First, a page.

Interview With Sue Margolis

~ Interview by Melina Kantor 

What a pleasure it is to have author Sue Margolis visiting the blog today!

Welcome Sue!

Q: According to your Web site, you were nearly forty before you had the confidence to start writing.  What inspired you to write your first novel? 

A: I think I’d always been a writer at heart and hitting forty was a real watershed for me. It was a case of now or never. At that stage I didn’t even have my own computer. I remember sitting down at my son’s desktop one morning, after he’d left for school and writing the first few paragraphs of what was to become my first novel -Neurotica. 

Q: How, if at all, has your background as a reporter for the BBC influenced your fiction writing?

A: I’m not sure that it influenced the actual writing, but during my years as a reporter I met and interviewed so many people – often with strange/weird stories to tell – and some of those characters have been incorporated into my novels.

Q: It’s amazing that you’ve never suffered from writer’s block! Why do you think this is? What keeps your ideas flowing? (It seems maybe your cat has some magical idea sparking powers?)

A: I’m pretty sure that writer’s block is based on fear… essentially the fear that whatever you write will be rubbished and ridiculed and you will fail. As a kid I was a complete dud at school. Every year I came bottom of the class. I’d experienced failure very early on and although it’s haunted me all my life, at the same time – in a weird way – it’s helped me. I knew what it felt like to come last and so I stopped being scared – I’d been there and survived. It meant that I was able to take on challenges that scare more successful people.  

Q: By the way, it’s hard to believe that you worry about losing your ability to make people laugh! Your books are hilarious! Is humor something you have to work at, or does it come naturally?

A: The humor comes naturally. I have to work at polishing individual comic set-ups to make them funnier, but essentially humor is part of who I am. I guess that what worries me is waking up one day and discovering I’ve had a personality transplant!

Q: What do you think of the term “chick lit?” Do you consider your books chick lit?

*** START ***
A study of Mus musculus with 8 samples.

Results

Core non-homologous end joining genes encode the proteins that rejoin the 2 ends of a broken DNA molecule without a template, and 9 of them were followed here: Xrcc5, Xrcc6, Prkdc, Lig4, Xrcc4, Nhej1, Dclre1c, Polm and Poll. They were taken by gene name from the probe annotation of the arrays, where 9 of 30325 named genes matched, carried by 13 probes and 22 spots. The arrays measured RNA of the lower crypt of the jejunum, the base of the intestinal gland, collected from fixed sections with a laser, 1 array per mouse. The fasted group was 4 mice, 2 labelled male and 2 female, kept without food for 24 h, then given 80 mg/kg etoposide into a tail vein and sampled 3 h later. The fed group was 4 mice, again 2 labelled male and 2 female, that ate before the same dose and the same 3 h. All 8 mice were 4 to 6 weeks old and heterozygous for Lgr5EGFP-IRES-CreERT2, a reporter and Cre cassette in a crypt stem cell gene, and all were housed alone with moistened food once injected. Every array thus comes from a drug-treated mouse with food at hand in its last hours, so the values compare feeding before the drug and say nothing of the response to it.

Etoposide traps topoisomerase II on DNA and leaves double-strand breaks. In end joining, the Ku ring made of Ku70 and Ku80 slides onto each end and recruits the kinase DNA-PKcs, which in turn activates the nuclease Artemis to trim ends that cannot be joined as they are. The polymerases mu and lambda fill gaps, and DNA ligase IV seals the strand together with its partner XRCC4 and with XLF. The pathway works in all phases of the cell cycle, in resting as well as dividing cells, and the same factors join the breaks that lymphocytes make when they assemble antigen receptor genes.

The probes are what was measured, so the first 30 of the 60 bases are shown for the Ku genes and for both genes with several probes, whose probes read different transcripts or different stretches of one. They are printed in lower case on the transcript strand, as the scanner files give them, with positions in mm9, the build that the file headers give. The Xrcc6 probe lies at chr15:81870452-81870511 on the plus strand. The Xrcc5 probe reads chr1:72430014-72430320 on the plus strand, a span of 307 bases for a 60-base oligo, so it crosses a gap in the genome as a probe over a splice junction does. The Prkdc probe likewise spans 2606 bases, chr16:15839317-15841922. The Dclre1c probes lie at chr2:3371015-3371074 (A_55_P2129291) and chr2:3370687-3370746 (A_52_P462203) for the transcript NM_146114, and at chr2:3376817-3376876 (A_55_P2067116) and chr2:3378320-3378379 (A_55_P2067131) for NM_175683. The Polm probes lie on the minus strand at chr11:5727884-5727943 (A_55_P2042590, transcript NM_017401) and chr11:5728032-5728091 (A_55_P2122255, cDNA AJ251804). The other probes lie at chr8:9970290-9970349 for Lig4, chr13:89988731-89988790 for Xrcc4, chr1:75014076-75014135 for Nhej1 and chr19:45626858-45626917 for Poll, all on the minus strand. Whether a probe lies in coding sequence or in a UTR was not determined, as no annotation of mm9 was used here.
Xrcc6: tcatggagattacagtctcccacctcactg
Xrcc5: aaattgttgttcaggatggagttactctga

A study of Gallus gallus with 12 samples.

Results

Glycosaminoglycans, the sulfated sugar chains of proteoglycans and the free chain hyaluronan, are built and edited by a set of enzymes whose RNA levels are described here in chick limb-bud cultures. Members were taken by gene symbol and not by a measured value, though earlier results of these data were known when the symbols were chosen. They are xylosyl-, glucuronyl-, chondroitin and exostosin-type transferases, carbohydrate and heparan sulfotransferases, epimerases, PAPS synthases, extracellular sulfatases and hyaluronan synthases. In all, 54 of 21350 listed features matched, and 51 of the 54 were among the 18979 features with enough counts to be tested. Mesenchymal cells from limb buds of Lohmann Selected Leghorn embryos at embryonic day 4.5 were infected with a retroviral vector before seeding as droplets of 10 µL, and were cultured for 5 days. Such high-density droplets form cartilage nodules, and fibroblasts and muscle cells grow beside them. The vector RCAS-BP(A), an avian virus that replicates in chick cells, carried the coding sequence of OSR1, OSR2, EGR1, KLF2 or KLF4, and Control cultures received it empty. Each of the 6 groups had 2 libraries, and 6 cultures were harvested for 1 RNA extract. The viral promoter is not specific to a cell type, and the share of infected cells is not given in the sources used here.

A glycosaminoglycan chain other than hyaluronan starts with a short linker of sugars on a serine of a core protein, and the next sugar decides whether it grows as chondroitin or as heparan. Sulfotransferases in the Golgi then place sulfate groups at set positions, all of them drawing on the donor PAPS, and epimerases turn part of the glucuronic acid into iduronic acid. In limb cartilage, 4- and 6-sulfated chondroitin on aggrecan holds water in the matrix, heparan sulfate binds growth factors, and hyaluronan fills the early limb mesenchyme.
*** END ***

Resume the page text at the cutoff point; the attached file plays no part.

A: I write romantic comedies, so would never get on my high horse and complain about my books being described as ‘chick lit’. On the other hand there is one thing that annoys me about most chick lit novels: the heroines are always pretty stupid and ditzy and make ridiculous decisions about how to conduct their lives. Bridget Jones is the prime example. I know it’s all in good fun and maybe I’m being overly critical, but I’m not sure that the Bridget Jones and Shopaholic books have done much to help the way the world looks at women. I have always made my heroines strong, capable women. Comedy-wise they tend to be the sane, ‘straight men’. The humor comes from the mad cast of characters that surrounds them. So in that sense my novels aren’t typical chick-lit.

Q: What advice do you have for the not yet published members of our chapter?

A: Keep going, keep taking the writing classes, but most important of all, keep reading. One of the things I advise all aspiring writers to do is get hold of a selection of books in the genre that inspires them. Read the books once for enjoyment. Afterwards re-read, but his time with a note-pad and pen. Make notes on structure, plot, character development. Study the dialogue. If the book isn’t very good, try to work out why. How would you improve it? You may need to go through the books several times, but it’s a great way to start learning the novelist’s craft. 

 Thank you so much for being here today! 🙂 

Before becoming a novelist Sue Margolis worked for fifteen years as a reporter for BBC radio. She is married with three grown up children and lives in London with her husband and a cat called Alan.